JUNEAU — University of Alaska Anchorage students, a professor and the National Rifle Association called in to show their support for a bill that would allow firearms to be freely carried on the university system campuses.

The Senate Judiciary Committee took testimony from an invited group of speakers on Wednesday who all supported a bill from Sen. John Coghill, R-North Pole, that would erase the Board of Regents’ current rules limiting where firearms can be carried.

“I just don’t feel threatened by the idea that law-abiding Alaskans are going to have weapons. The thing we see in the country is these horrible shootings happen in zones that are effectively gun-free, specifically they happen at schools and universities,” said Michael Buckland, an aviation professor at UAA. “I feel that public safety will be increased by Senate Bill 176.”

The idea for the bill originated from UAA student Hans Rodvik, an intern in Coghill’s office. Rodvik said the current campus policies, which require firearms either be stored in a locked car or in designated firearm storage lockers, are a clear violation of the Second Amendment.

Montana Ware, a UAA student and president of the Young Americans for Liberty group on campus, also echoed Rodvik’s arguments.

“I consider it my right to have the means to protect myself under any circumstances which may threaten my life, incidentally the state constitution agrees with me,” he said.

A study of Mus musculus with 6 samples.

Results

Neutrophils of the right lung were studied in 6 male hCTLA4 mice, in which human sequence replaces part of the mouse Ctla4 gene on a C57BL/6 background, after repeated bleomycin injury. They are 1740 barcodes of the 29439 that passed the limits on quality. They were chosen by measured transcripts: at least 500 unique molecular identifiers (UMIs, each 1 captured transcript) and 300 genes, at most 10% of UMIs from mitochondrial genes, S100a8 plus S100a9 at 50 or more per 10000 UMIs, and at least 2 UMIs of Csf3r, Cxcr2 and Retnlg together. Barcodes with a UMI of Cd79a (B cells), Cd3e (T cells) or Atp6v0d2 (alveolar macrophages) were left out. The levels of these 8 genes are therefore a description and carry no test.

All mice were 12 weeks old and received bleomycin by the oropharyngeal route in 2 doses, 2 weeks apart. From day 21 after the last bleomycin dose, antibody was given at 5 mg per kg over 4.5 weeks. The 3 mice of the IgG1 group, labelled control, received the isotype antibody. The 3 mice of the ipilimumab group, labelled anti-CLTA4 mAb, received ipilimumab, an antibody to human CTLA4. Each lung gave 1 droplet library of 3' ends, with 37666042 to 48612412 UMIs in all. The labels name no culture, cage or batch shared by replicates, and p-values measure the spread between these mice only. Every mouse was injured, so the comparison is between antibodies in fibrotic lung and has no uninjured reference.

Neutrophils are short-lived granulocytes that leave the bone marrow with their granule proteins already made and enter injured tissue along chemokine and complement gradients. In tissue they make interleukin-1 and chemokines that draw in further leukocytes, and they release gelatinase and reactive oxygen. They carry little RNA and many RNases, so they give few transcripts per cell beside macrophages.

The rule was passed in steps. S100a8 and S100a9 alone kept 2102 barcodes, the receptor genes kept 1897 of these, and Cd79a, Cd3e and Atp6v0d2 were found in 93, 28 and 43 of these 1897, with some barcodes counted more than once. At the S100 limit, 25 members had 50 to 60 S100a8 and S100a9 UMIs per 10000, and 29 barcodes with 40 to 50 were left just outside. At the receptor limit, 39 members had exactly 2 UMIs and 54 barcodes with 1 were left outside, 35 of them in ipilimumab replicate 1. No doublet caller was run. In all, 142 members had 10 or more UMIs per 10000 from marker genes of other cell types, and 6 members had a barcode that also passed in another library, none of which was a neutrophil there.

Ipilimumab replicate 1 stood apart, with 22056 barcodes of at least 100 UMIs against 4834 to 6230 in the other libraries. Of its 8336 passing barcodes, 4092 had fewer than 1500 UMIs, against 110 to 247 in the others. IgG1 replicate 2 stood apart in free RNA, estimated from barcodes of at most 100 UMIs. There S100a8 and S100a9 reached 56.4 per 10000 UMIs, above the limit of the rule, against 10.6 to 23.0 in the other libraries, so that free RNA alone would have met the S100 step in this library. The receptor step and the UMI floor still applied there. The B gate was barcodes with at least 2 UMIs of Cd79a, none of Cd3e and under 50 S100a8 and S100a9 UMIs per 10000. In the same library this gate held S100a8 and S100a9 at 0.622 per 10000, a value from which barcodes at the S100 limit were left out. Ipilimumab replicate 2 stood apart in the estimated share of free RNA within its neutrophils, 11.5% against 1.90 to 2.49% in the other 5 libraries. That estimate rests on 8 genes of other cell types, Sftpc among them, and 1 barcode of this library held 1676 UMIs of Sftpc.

On Monday, UA system President Pat Gamble testified to committee against the bill, saying he was concerned about the safety of the tens of thousands of K-12 students who attend university campuses daily. He said he believes it is a state priority to maintain gun-free zones around students, and it should extend to university campuses.

Ware argued that he felt any person seeking to harm students will disregard the current policies on campus.

“Every day I go to school, I pass by those signs that make it clear that guns are not allowed on campus,” he said. “I try to add up the logic, why would someone who’s willing to hurt students on campus be unwilling to violate gun restriction policy?

The answer is that they would be totally willing regardless of UAA’s policy.”

Committee members largely didn’t delve into the issue of self-defense or the Second Amendment, but focused on the possible increase in accidents or injuries because of the an influx of firearms on campus.

“One of the concerns I have is with accidental shootings,” said Sen. Donny Olson, D-Golovin. “Those are the sorts of things that concern me. You have more people out there, you have more chances of accidentally having a gun go off.”

NRA spokesman Brian Judy responded that there are a lot of other things out there that are more likely to cause injury.

“The facts are that accidents involving firearms are relatively rare,” he said. “There are so many other types of things in society — actions, objects — that are much more prone to harming people from accidents.”

The Senate committee is scheduled to hear the bill again on Friday and plans to take more public testimony on Monday.

Contact staff writer Matt Buxton at 459-7544. Follow him on Twitter: @FDNMpolitics.